San Jacinto CA
  • Interests
    Blacksmithing, Ren Faires. Shooting, Computer gaming.
  • Occupation
    Adaptive Technology Specialist

  2. I bought a 200lb TFS Smithy Special several years ago and I love it. I'm only a hobby smith, but this anvil is so much nicer to work than the many old worn out anvils I had used before finally selling off some stuff at a CBA conference and then dropping the bucks for this anvil. There was no shipping as the guys from TFS helped load it into the back of my truck. That was at least 5 years ago and I have never regretted it. My grand kids grand kids will be able to use that anvil.
  3. Hi Frosty, yeah, I have done a bit of searching, but not gone into full fleged mission mode yet. I was just gathering some info hopping someone just knew how to do it. So far I have seen a lot of conflicting info or questions about welding it, but no real info on heat treating it. One suggestion that would make sense was to use a low heat TIG with pure Argon. The problem is I don't have a TIG set up. I also have the problem that it has already been overheated by the previous welder. My thought was to just use 7018 and then do a heat treat with veg oil. The real problem for me is that I am totally guessing here.
  4. Thanks for the info guys, but I was hoping someone actually knew how to do this. The links you gave me Frosty were interesting, but they didn't give me any real heat treat info. The database is $149 for a 4 week trial. My plan is to weld the holes with 7018 and then heat to orange and quench in veg oil. Any idea if will shater the metal or if anyother bad stuff might happen? Or, is this stuff air hardening? Thanks
  5. Hi guys, long time no see. Life has been kind of crazy. I've had a little job come up helping out my local shooting club. They have a target that is made from 3/8" thick AR500 armor plate. Someone shot it full of holes with some kind of magnum and I want to try to fix it. Another guy already welded up the holes once, but his welding just tempered the plate and so everwhere he welded it the plugs came out and other holes showed up. I have a couple of questions. 1. What would be the best stuff to weld it with? I have a 225 amp buzz box and a 175 amp wire feed welder. Which rod or wire would hold up best and be able to be heat treated along with the AR500? 2. Once I weld the holes and grind everything flat what should my heat treat process be? How hot, how long and what quenchant should I use? Also, does it need to be temperd afterwards or should I leave it dead hard? Thanks for any input you can offer.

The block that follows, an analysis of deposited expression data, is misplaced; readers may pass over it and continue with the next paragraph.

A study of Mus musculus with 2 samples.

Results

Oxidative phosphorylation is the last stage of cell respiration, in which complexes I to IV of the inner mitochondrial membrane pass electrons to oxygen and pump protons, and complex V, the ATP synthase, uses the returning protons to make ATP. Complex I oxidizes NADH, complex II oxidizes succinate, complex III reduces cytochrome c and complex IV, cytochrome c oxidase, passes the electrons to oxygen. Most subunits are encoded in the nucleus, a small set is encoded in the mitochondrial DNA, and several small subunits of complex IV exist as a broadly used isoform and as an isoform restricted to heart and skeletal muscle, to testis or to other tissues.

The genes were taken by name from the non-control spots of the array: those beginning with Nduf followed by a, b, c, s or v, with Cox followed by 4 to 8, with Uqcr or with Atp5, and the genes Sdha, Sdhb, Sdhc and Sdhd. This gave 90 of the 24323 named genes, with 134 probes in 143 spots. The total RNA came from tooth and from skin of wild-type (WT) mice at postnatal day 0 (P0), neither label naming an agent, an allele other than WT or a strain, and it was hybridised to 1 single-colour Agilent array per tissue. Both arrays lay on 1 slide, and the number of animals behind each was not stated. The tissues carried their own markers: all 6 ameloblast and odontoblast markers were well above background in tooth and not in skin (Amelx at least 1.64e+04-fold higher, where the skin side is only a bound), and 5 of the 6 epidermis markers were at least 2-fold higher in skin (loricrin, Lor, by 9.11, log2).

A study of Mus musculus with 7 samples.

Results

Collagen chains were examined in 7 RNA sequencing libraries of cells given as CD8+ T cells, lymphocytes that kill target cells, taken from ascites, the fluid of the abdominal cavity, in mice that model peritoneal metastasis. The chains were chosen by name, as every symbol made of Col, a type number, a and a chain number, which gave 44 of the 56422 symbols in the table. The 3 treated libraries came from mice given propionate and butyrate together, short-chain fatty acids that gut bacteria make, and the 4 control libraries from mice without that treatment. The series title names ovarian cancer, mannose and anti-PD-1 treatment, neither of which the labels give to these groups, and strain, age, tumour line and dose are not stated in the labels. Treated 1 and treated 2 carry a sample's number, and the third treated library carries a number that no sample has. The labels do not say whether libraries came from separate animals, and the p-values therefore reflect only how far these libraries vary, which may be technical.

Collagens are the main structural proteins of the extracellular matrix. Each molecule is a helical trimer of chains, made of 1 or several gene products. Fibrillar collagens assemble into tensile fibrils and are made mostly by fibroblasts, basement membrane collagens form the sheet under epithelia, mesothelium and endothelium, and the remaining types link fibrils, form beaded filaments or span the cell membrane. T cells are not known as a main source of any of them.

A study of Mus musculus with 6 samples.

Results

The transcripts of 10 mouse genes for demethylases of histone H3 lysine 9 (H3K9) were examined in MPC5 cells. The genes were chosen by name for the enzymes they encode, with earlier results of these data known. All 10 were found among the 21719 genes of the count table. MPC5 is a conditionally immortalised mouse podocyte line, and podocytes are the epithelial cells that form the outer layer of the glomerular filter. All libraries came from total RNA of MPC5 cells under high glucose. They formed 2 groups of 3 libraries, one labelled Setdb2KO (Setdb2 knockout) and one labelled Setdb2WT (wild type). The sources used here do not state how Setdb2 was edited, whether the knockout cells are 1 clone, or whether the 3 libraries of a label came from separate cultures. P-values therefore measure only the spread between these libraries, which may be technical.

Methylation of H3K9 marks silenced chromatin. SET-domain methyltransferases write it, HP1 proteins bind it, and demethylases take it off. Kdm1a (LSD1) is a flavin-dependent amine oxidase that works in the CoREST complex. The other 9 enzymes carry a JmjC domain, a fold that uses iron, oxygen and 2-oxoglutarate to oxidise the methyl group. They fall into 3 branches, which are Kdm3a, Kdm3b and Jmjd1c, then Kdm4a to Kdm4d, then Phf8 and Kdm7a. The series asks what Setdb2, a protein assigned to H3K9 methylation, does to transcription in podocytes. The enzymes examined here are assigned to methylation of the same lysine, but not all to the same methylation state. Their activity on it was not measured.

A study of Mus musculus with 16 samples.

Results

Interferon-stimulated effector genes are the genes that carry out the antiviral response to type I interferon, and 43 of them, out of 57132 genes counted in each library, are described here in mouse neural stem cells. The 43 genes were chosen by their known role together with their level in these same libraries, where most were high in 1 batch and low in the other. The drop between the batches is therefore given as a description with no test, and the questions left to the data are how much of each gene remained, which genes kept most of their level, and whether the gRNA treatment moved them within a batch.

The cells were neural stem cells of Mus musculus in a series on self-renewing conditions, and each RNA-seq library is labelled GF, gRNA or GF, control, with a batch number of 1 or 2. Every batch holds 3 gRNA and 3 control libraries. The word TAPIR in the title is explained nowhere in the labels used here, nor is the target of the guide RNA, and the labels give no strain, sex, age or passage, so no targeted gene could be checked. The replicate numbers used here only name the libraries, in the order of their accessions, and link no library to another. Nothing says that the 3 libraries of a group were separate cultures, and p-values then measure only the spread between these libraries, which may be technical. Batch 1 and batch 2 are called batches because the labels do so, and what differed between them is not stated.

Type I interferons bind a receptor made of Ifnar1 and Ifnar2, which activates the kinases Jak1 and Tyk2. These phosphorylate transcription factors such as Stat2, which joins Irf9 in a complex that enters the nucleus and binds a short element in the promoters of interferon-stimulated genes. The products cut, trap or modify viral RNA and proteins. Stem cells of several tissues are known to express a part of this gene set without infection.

6. I bought a 200lb double horn anvil from TFS at the last CBA conference in So Cal. I have been very happy with the rebound and everything about it so far. I expect that it will out live me by several lifetimes.
  7. FredlyFX

    Fredly Forge Touchmark

    Graphic of the Fredly Forge Touchmark.
  8. Thanks for posting this up Frosty. I have been thinking about some kind of VV forge for a while now, and this post has really got me thinking now. Keep the ideas coming guys, this is great.
  9. I just bought a new 200lb TFS Smithy Special2 dual horn with a side shelf & upsetting block for $1100. So far I am very happy with it. They also make a 300lb. I tried to soften the edges with a file and it just skated across. It is a solid cast tool steel anvil made in Texas. Amy Pieh was making deals at the CBA conference last month. I was able to get it for about $100 less than normal with no shipping or tax. That made a big difference.
  10. Any idea the weight of the anvil? If it is a decent weight, say 100lbs or more, and is in decent shape, then it is a pretty good deal. I've paid a lot more for name brand anvils I was not too happy with.
  11. I had the pleasure of seeing him demo at the CBA conference a few years ago. He was an amazing artist.
  12. Great interview Dan. And nice work as well. I like that gate a lot.
  13. I currently make my living working with disabled students at a community college where I train them in the use of adaptive technology. I also am an alternate media specialist, which means I convert textbooks to electronic files, large print, or braille. Beofre that I spent years doing all sorts of things, handyman, equipment mechanic, building mantenance and sales. I do blacksmithing and woodworking as a hobby, and hope to someday make a living as an artist blacksmith when I retire in about 12 to 15 years.
  14. I came up with a name for my forge that is also my initials. So, when people see my FF in a diamond touchmark, it can mean Fredly Forge, or Fred Frontino, either one.
  15. Mende, I doubt those types of hammers were actually used in any kind of mideval combat. I would suspect that they are an invention of hollywood, where the actor only has to swing it for a minute or two and then they cut to the next shot. I used to fight live steel and used a mace sometimes that weighed about 3lbs, and it wore me out in a couple of minutes. I seriously doubt that anyone would go into combat with a weapon that was so slow almost anyone could dodge it, and that would wear you out in a few minutes. Just isn't practical. They did use smaller hammers because they worked well against armor. If you could strike the joints with the hammer side you would dent them and limit mobility. Then spin it and give a blow to the head or neck with the point and it was all over. One thing I have seen for the large fantasy hammers you are talking about at the Ren Faires is they make them from 12ga sheet metal and weld all the corners. It looks solid, but is easy to carry around all day. Grind them all smooth and then paint it to look like wood.